By Catarina Cowden
Our imaginations take us to grand and colorful places that we can not conceive as a reality. But what if those colors actually existed right here on Earth?
There are places right here on our planet that are absolutely extraordinary. They defy norms and go far beyond the beauty that a typical landscape can achieve. We see gorgeous landscapes and picturesque views in even the most mundane of places. But to visualize the settings of some of our most vibrant dreams as a reality is seemingly impossible.
Jaw-dropping, other-worldly places actually exist in our world. Formed by natural occurrences, these 12 surreal places explore the artistic and dreamlike qualities that mother nature offers as reality.
Surreal Places You Won't Believe Actually Exist
Skaftafell Ice Cave, Iceland
This cave set in glacier ice has incredible formations due to wind-blown sediments. The lack of air bubbles means it can absorb almost all visible light, creating blue ice.
The Great Blue Hole, Belize
Near the center of Lighthouse Reef an eerie, large submarine sinkhole takes up over 300 meters of the ocean. Over time the ocean rose, and a cave was flooded creating this World Heritage Site which is also one of the best scuba diving sites in the world.
Door to Hell, Turkmenistan
In 1971, in search of an oil field, a drilling operation accidentally created a huge crater releasing poisonous gas. The engineers decided to burn off the gas, but it never stopped, and the fire has been lit ever since creating this creepy, Buffy-esque Mouth of Hell.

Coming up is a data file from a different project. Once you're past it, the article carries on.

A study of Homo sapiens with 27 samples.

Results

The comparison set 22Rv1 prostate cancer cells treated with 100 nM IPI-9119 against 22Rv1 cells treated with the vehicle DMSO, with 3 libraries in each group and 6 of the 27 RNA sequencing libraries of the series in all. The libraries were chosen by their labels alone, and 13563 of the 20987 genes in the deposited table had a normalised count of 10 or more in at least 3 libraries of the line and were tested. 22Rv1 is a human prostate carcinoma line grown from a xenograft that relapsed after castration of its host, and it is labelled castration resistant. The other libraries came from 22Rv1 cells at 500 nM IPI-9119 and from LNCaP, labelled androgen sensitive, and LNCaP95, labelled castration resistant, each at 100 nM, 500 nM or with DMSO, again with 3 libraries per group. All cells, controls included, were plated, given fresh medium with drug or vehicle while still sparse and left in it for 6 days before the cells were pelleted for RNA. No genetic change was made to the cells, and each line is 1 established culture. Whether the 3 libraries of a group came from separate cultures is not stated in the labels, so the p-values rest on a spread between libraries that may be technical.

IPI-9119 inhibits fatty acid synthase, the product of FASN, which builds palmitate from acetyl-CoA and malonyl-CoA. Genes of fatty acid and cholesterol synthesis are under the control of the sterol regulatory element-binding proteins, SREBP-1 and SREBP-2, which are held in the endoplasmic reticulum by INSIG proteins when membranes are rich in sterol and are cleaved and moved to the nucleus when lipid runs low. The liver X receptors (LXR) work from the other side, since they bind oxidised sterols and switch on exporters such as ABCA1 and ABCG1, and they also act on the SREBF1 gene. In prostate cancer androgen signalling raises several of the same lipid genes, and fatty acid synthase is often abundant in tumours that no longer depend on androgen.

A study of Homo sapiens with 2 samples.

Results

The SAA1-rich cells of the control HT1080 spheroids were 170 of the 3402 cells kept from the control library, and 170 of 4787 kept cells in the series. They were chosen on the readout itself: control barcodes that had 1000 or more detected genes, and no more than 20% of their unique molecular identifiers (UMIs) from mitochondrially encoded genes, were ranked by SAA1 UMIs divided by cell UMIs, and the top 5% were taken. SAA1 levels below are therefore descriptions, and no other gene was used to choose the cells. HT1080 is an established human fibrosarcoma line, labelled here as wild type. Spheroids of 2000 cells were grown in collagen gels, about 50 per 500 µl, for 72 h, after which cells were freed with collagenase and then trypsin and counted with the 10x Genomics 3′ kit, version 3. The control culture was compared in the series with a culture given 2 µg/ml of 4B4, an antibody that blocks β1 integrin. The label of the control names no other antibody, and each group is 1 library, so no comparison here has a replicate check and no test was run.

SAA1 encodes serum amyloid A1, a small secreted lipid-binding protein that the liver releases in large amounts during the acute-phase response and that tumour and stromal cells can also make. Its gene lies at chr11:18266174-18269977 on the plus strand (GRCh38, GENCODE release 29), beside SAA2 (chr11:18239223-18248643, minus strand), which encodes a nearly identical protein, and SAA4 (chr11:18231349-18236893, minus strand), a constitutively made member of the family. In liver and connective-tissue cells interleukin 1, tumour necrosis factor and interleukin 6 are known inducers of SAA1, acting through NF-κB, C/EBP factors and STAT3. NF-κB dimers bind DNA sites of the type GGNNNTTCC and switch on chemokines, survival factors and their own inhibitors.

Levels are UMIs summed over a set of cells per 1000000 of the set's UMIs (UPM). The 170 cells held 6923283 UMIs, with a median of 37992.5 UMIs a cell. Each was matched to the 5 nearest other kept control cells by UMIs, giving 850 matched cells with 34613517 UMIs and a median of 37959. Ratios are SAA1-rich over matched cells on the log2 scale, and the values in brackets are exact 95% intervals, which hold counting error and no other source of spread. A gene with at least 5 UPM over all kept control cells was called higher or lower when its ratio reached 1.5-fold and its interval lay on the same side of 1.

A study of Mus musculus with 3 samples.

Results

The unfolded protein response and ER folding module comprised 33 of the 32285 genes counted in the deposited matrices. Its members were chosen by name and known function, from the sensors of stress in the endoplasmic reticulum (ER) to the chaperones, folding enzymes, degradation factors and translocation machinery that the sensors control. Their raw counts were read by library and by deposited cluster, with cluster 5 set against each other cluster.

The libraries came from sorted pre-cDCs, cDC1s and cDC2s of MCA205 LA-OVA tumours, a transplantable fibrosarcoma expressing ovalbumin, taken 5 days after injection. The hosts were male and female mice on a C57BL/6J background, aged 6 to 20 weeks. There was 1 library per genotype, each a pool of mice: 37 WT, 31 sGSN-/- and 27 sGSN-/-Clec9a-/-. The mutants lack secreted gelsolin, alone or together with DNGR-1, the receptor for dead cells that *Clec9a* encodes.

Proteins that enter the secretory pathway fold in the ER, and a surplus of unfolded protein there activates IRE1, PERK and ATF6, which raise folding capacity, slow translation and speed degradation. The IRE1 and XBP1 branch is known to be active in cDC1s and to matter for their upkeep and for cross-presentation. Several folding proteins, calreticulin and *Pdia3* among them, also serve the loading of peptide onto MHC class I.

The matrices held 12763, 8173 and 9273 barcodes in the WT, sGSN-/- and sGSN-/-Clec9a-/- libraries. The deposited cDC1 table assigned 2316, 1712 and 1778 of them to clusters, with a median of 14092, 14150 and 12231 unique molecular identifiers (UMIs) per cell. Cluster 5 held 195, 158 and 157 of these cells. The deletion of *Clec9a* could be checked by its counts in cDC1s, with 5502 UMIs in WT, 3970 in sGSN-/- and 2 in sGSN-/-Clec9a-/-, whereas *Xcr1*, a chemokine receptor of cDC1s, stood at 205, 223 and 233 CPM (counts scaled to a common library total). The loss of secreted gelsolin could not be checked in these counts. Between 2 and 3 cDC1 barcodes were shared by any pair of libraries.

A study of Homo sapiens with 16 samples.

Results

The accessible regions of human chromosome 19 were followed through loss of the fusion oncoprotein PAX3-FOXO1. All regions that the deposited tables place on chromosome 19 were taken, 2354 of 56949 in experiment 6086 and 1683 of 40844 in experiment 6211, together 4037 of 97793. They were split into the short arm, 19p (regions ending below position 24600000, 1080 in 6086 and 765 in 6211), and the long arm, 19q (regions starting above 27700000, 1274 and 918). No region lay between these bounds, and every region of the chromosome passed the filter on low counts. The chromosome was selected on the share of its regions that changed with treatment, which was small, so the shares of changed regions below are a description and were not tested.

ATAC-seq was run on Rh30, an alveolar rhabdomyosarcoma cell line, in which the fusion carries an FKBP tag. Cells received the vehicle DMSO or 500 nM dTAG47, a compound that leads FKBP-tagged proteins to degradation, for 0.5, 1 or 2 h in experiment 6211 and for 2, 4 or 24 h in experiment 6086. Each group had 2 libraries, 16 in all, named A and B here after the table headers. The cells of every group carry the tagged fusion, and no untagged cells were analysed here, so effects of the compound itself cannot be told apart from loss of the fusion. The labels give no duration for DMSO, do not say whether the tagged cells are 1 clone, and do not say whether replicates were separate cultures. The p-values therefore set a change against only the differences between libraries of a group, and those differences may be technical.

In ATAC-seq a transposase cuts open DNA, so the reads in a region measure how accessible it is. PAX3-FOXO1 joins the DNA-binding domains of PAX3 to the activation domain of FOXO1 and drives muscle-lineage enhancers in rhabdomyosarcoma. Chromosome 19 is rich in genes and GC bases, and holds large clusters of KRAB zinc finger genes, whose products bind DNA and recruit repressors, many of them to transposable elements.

Marble Caves, Crimea
Formed by marble limestone, this gorgeous cave located in the lower plateau of a mountainous massif is considered one of the most beautiful caves on the planet. Like walking through a fairy tale, tours through the cave will show you different colors, shapes and awe-inspiring views.
Cave of the Crystals, Mexico
The Cave of the Crystals, also known as Giant Crystal Cave is home to some of the largest natural crystals ever discovered. Due to the high temperatures of the cave, it is relatively unexplored. But, the largest crystal found was 39 feet tall and 55 tons.
Fly Geyser, Nevada
Though the Fly Geyser is not exactly a natural phenomenon, it is still an epic sight to be seen. In 1964 it was accidentally created by well drilling and now water is constantly released to up to 5 feet in the air.
Salar De Uyuni, Bolivia
Formed as a result of transformations between many prehistoric lakes, Salar de Uyuni is the world’s largest salt flat. Because of the large, flat area and clear skies, it is often used for calibrating altimeters of Earth observation satellites. It also creates a dream-like reflection off of the crust.
Reed Flute Caves, China
The surreal qualities of this cave have a lot to do with the artificial lighting, but the natural limestone is over 180 million years old and is filled with many strange and surreal shapes. The colors simply add to the fun.
Waitomo Glowworm Caves, New Zealand
It is difficult to capture the magnificent beauty that occurs in the Glowworm caves. Glowworms are a species around the same size of a mosquito found exclusively in New Zealand. As you paddle through the caves, the glowworms light the ceiling above you, twinkling like the night sky.